Crime

Lawrence detective says he decided KU student lied about rape the day she made report

A Lawrence police detective who led the investigation of a University of Kansas student accused of making a false rape report decided she was lying the same day she made her report in late September 2018, the detective testified at a hearing Wednesday.

Detective Charles Cottengim did not launch a formal investigation into the alleged false report until October 10 after the student asked for a detective to be present when she made a formal statement to Title IX investigators at the university.

The investigation was opened, the detective said during a hearing on motions filed in the case, because he believed the student intended to eventually pursue charges against the man she accused of rape.

The woman’s defense attorneys say she never told officers she wanted to pursue charges, though she did say she might consider it at some point.

The woman’s attorneys say she is innocent and has been mistreated by the Lawrence Police Department and the Douglas County District Attorney’s office after she reported being raped by the friend of her ex-boyfriend last September.

District Attorney Charles Branson says she fabricated the story out of regret and in an effort to get back at her ex-boyfriend. Text messages the woman sent the night of the incident indicated to police that the sex had been consensual, according to court documents.

The woman said in the court documents that the text messages were making light of the incident because she was not able to admit at that point that she had been raped.

The Star generally does not name possible victims of sexual assault or people accused of sexual assault if they have not been criminally charged.

Branson previously told The Star that he had no intention of testing a rape kit from the case because they would not be able to obtain the man’s DNA to test against the kit and believed testing should be paid for by the defense.

But on Wednesday, Senior Assistant District Attorney Eve Kemple said that the detective contacted the Kansas Bureau of Investigation about two weeks ago to ask the agency to test the woman’s sexual assault exam.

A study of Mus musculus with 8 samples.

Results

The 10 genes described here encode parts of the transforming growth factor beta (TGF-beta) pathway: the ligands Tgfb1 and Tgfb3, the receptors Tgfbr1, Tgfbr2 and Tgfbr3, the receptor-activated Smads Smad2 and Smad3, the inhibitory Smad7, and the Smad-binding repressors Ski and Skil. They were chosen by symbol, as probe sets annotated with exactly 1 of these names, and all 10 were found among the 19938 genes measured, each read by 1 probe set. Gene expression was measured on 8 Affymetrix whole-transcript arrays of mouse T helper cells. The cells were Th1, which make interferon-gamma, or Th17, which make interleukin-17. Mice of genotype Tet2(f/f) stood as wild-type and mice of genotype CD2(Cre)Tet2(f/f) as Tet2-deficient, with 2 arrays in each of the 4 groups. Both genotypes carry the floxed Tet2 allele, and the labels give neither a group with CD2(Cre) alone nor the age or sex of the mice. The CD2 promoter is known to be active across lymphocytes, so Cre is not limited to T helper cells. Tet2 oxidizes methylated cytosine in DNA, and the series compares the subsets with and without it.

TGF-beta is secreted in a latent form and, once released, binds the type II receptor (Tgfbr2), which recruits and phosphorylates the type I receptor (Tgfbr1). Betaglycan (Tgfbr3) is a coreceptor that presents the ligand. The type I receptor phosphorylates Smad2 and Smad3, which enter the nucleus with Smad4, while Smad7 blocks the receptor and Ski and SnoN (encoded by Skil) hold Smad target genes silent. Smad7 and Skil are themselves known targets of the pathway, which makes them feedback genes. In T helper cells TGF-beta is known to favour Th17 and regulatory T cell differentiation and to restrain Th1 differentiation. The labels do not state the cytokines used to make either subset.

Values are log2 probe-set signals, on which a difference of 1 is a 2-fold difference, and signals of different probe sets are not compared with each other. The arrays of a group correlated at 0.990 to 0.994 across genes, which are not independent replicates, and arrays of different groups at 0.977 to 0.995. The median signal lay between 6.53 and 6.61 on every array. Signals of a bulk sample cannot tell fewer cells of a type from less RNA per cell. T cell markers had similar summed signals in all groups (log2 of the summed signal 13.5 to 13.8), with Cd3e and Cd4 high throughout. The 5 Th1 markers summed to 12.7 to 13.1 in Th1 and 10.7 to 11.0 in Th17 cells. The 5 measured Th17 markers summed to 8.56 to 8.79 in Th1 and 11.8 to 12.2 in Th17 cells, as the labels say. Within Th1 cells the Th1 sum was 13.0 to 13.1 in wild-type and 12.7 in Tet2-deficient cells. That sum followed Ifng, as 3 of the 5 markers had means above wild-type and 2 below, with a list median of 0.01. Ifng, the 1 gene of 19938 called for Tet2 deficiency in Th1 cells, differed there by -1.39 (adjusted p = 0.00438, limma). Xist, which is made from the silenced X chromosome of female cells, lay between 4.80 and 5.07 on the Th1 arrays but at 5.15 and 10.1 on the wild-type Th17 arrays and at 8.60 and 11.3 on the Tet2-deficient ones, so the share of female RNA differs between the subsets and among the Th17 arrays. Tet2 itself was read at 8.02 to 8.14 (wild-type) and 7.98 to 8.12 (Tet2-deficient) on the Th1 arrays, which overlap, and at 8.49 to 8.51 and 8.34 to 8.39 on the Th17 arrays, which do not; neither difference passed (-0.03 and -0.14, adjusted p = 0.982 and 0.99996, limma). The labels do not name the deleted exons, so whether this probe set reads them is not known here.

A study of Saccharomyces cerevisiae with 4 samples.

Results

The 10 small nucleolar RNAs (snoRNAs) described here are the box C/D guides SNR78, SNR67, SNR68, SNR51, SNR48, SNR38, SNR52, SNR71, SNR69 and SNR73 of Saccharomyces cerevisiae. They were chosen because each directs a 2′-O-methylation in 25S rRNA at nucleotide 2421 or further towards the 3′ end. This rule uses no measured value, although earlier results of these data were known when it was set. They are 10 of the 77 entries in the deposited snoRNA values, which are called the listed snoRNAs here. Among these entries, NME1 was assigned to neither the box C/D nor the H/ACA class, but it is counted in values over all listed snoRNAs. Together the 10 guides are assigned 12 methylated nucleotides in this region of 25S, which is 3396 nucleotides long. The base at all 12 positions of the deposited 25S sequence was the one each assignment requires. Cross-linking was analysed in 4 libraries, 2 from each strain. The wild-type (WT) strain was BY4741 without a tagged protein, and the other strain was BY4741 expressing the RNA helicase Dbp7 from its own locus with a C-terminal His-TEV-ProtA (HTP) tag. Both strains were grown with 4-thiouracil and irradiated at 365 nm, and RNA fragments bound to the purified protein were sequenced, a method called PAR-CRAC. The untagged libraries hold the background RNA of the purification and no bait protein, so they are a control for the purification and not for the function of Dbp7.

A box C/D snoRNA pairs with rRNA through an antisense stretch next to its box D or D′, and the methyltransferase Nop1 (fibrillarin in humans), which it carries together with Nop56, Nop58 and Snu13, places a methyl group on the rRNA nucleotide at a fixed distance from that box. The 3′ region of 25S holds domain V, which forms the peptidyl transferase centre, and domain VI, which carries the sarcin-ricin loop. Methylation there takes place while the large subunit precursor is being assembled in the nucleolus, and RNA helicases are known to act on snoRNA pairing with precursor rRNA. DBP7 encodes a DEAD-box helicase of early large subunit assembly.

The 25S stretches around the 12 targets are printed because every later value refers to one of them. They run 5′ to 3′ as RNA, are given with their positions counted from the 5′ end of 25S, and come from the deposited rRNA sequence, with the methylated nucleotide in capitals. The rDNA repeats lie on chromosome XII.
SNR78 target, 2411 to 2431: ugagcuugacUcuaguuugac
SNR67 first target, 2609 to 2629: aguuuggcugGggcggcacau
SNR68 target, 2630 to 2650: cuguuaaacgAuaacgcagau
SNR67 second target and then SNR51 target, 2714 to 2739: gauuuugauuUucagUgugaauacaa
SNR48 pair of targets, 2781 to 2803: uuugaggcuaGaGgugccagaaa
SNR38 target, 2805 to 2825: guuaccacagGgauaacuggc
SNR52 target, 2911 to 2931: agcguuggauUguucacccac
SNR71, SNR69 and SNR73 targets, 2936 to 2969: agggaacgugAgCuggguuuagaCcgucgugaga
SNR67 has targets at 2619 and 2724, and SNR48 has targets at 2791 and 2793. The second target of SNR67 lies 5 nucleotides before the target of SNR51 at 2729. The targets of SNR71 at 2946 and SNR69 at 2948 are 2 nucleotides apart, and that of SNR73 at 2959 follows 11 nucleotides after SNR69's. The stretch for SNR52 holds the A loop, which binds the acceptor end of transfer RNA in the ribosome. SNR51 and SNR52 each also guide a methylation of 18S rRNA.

Four motions, all brought by the defense, were heard Wednesday afternoon by Judge Amy Hanley in Douglas County District Court.

Two involved issues of evidence discovery and clarification. Those were resolved during Wednesday’s hearing.

The other two, a motion to dismiss two of the three counts filed against the woman and a motion to suppress statements, focused on conduct by Lawrence officers during the investigation.

Defense attorney Branden Bell asked the judge to dismiss two of the three counts of false report brought against the woman because, he said, her statements were given at the urging of law enforcement when the woman was unaware she was under investigation.

In October during a phone call with a patrol officer, the woman offered to send a written statement and a timeline of her memories of the alleged assault. The officer also asked her to come to the police department and give a recorded statement a couple of days later.

The other alleged false report was made while the woman was being arrested in January. Cottengim said he used a “ruse” to get her to come into the police station. He told her he had a letter relating to the case that he wanted her to look at, when in fact he did not, he testified.

While she was speaking with officers after she was told she was under arrest, before her Miranda Rights were read to her, the detective asked her if she wanted to talk about the case. When she asked for clarification, he said he was hoping she would tell the truth and that his investigation indicated no rape had occurred.

She responded that “this happened,” referring to the alleged rape.

Bell said the detective was hoping for a confession when he made the arrest.

“She believed that (the officers) were there to protect her,” Bell said. “They used that and preyed on her.”

Kemple said that, because they believed the woman had already lied about the rape, she could not be entrapped into making more false reports.

Furthermore, she said, the fact that the officer arrested the woman on only one count of false report from the initial statement in September rather than three indicated a lack of entrapment.

The additional two counts were added after a June preliminary hearing by the district attorney’s office.

“Why wouldn’t he have arrested her on three (counts)?” Kemple said. “They don’t know that she was going to lie ... that was her choice.”

The motion to suppress statements argued that anything the woman said when she was being arrested should be stricken from the record because the officer had not yet read her her Miranda Rights and therefore violated her 6th Amendment rights.

Hanley will rule on the two motions on October 3rd.

The case is scheduled to go to trial at the end of October.